30 August - 11 October 2008
Reviewed by: Frances Carlile »
I lie awake at night and listen to the birds sing.
In a world accustomed to irony and subversion, it is refreshing to encounter the work of Steffan Jones Hughes in this engaging solo show.
Through intaglio and screen prints, delicate sculptures, and an enormous number of drawings, he explores the fragile nature of identity and belonging.
There are strong elements of narrative running through the work. Birds, simple houses and chapels, people close to the artist, himself, and a few animals are reiterated in individual pared down narrative situations. They appear to be fragments or snapshots of a larger story, but do not follow a sequence.
The exhibition is well orchestrated, with the different elements playing a greater or lesser part, providing rhythm, scale and colour. This is an interesting thought as there is a very little actual colour in the work. Some of the sculpture, tiny pencil drawings on birds eggs, needs to be closely observed whilst the bold screen prints can be read from across the gallery. The most intimate works are the drypoint intaglio prints, including the tender image of a girl holding a lamb.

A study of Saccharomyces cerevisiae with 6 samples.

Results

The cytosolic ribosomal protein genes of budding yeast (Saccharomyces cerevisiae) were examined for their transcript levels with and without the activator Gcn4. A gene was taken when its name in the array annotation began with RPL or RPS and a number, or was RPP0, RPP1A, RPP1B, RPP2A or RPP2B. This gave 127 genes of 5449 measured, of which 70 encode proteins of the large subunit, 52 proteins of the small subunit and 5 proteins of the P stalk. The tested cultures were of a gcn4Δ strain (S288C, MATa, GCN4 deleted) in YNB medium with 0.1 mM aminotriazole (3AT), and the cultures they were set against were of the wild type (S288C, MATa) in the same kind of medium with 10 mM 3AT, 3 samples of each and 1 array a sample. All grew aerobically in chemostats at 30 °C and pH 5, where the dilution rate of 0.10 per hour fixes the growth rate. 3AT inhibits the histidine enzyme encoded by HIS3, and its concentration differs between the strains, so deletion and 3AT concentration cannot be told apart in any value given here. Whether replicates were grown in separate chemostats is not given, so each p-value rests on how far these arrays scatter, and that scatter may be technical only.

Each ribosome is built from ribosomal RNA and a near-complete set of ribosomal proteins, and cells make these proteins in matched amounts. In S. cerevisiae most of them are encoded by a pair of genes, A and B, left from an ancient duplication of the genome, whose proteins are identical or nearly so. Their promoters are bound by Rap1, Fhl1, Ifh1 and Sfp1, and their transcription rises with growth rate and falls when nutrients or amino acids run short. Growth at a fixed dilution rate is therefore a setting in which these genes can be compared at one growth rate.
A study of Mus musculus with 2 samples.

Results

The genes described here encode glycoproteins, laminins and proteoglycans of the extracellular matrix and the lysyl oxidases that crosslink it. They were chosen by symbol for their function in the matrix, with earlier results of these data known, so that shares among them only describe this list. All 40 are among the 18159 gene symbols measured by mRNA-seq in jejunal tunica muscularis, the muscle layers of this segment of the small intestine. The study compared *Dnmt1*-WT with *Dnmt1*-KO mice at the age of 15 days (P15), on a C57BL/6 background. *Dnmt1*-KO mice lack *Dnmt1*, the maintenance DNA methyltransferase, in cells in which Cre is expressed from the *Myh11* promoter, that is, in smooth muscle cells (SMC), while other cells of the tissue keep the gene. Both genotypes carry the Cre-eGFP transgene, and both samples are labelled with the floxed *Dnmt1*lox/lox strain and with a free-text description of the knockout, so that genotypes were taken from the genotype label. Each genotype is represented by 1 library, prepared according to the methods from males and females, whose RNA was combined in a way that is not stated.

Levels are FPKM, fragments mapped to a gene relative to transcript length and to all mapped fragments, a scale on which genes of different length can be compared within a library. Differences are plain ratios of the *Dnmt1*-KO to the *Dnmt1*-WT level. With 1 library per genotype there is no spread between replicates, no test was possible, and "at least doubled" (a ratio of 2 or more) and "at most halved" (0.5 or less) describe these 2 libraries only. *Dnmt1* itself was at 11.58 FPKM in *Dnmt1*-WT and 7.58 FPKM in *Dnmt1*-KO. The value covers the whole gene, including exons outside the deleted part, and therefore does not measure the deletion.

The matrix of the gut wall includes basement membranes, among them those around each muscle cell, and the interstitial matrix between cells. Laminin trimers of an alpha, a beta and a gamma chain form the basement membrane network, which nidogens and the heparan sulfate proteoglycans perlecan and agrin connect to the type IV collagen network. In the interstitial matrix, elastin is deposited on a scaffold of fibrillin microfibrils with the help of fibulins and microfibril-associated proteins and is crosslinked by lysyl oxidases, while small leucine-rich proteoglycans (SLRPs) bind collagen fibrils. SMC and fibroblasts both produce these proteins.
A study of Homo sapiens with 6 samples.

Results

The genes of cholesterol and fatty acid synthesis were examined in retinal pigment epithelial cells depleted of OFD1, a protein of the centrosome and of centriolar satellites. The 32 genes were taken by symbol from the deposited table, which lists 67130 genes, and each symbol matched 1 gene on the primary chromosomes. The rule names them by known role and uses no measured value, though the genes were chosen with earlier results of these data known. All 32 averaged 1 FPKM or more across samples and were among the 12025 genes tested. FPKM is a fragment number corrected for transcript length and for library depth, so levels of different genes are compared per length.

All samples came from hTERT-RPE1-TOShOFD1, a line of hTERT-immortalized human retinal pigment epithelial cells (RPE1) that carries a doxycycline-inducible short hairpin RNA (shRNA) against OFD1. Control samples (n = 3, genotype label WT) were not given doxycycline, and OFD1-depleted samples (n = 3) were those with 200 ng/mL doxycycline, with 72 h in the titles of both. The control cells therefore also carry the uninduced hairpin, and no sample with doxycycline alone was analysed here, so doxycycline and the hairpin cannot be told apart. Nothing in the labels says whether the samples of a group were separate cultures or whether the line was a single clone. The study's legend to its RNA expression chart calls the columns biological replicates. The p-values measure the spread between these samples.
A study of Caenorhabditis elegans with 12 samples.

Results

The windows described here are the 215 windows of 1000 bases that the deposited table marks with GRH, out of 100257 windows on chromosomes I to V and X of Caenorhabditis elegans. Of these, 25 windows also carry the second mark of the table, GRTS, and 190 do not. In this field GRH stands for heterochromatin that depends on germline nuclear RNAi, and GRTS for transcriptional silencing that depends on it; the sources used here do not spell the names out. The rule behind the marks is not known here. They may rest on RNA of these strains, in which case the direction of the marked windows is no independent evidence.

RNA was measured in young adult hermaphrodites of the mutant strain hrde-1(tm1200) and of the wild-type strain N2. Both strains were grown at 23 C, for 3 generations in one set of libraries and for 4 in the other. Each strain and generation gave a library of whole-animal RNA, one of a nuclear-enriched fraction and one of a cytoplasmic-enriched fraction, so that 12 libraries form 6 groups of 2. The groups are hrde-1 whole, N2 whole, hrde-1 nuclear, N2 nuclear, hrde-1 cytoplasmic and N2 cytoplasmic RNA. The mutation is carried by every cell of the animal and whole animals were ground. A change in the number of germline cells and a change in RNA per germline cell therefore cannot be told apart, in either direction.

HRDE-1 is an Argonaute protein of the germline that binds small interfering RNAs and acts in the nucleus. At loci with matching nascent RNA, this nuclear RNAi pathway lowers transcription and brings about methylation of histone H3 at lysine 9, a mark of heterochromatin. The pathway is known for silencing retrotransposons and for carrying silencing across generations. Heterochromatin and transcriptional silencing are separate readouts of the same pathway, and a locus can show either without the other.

The major role in the exhibition is taken by the drawings, which nearly cover the largest wall of the gallery. These are drawn in black with a large brush on pages taken from the Guardian Guide and nailed directly to the wall in a grid structure. The various motifs acquire a poetic quality throughout the obsessive and individual redrawing, very far from the age of mechanical reproduction. The effect is that of a collection of film stills or an oversized story board. However, the story is never told, space is left for the viewer to engage with the work or remain on the outside looking in.
It reminded me of a deeply personal fairytale. This sounds like illustrations from a children’s book and yet it is not. The very scale of the work and with the enormous number of drawings and method of presentation, transform it into a constructed object, a sculpture in its own right; albeit a very ephemeral one. Within it can be found fragments of the artist’s life and of those around him, and the questions he is asking himself.
But these are the questions that everyone asks and this is where the strength of the work lies; for in fairytales are found some of the oldest and most profound questions.